The annexed figure represents a longitudinal section. At a is the foundation-plate, on which the engines are erected; it is supported upon two deep sleepers of wood, which cross the floor-timbers of the vessel, to which they are firmly bolted. A portion of the bed-plate is formed into a channel, nearly as deep as the sleepers, part of which channel forms the bottom of the condenser, and another part receives the foot of the air-pump; b the cylinder; c the slide-case, which is formed of three vertical compartments, connected at top and bottom by the apertures dd; the middle compartment forms the steam-chamber, and the side compartments are the eduction passages; e is the steam inlet; fthe slide-valve, formed of two short slides, connected by a rod, which is found preferable to a single long slide for large engines, as the latter is liable to warp; the slides, which on the back form about one-third of a circle, are pressed up to the seats by screws at the back, acting upon a block of metal, faced with a thick sort of mat, made for the purpose;/the valve lever, working upon the shaft of the parallel motion as a fulcrum; the motion of the eccentric is communicated by the intermediate lever g; h the parallel bar; j the condenser, cast in one piece, with k the hot-well, and bolted to the foundation-plate; i the injection pipe.

A tube, or cylindrical passage, is cast in the condenser, through which pass the gudgeons I of the working beam; these gudgeons are very securely wedged into bosses, cast on the sides of the condenser, and the brass bearings are fixed in a boss in the centre of the beam; m the air-pump; n the foot-valve; o the blow-through valve, through which the air and water are blown out of the condenser at starting the engine; p the delivery valve, through which the water passes into the hot-well; q the passage leading to the feed-pump; r the connexion with the relief valve; s the passage by which the waste water is carried off into the sea; t an air-vessel; v the beam; w the connecting rod; y the crank; z the blow-through cock, connecting the steam-chamber of the slide-case with the eduction passage; this cock is opened previously to starting the engines, for the purpose of expelling the air from the engines, or, as it is termed, blowing through.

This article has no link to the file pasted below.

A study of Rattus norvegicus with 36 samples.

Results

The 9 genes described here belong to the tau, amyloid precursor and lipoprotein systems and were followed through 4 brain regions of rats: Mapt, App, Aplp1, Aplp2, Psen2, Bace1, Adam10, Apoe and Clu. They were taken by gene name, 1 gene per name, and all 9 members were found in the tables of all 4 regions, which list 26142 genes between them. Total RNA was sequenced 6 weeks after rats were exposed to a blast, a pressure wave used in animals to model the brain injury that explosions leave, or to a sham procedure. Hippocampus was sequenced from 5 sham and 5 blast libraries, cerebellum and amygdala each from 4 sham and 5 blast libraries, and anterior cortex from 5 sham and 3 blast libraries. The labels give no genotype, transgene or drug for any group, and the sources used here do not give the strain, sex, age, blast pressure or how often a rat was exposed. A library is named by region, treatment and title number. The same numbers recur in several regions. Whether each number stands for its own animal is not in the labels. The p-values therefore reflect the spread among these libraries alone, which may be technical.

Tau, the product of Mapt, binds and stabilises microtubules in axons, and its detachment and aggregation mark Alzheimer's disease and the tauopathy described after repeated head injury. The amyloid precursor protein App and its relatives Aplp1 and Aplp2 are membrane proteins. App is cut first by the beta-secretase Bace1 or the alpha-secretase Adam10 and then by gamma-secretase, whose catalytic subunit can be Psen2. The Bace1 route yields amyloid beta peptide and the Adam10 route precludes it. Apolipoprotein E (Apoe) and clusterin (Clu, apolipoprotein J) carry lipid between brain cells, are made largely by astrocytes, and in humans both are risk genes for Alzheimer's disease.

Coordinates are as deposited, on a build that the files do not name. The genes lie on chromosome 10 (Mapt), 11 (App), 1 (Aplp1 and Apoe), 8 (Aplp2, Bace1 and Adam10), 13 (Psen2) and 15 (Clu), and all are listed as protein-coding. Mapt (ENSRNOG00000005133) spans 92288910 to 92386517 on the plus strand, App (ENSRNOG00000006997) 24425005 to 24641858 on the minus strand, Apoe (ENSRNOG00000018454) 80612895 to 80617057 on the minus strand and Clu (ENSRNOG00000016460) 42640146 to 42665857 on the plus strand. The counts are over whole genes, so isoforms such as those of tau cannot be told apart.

Beam Engine 541

The feed-pump and bilge-pump are worked from the cross-head of the air-pump, and could not be shown in the sketch. The annexed figure represents, on a larger scale, a section of the feed-pump, with its valves. a is the plunger, attached to the cross-head b, and working through a stuffing-box in the pump-barrel c; d is the valve-box attached to the side of the hot-well; e is the suction-valve, through which the water is drawn from the hot-well into the pump by the rise of the plunger. On the descent of the plunger the water is driven out at the valve f, along the feed-pipeg to the boiler, unless the regulating valves or cocks on the boiler should be quite closed, when it raises the loaded valve h, and returns to the hot-well by the aperture k. The load per square inch on the valve h must somewhat exceed the pressure per square inch of the steam in the boiler.

In addition to the bolts, by which the cylinder, condenser, and side-frames are screwed down to the foundation-plate, there are twelve strong bolts, called holding-down bolts, which are passed from the outside through the floor-timbers, sleepers, foundation-plate, and bosses on the cylinders, condensers and side-frames, and screwed as firmly as possible by strong nuts. These bolts are of copper, or iron tinned, in order to resist the corrosion of the sea-water.

Beam Engine 542

The arrangement of the Beam Engine is, perhaps, that which is best adapted for general use in steam-vessels, as all the parts admit of easy access; the weight of the moving parts on each side of the beam nearly counterbalance each other, and the requisite pumps are easily attached; but their weight and the space they occupy have, in the progress of the improvements which marine engines have undergone, been deemed very serious drawbacks; and, at present, opinion seems to be setting in favour of what are termed "direct-action" engines, most of the leading engineers having adopted each some particular arrangement for dispensing with the side-beams. Several of these deviations from the common form we shall now proceed to describe, commencing with one which may be considered as intermediate between the Beam and the Direct-action Engines; it is commonly termed a "Lever Engine," the action of the piston being transmitted to the crank by a lever, whose fulcrum is at the extremity.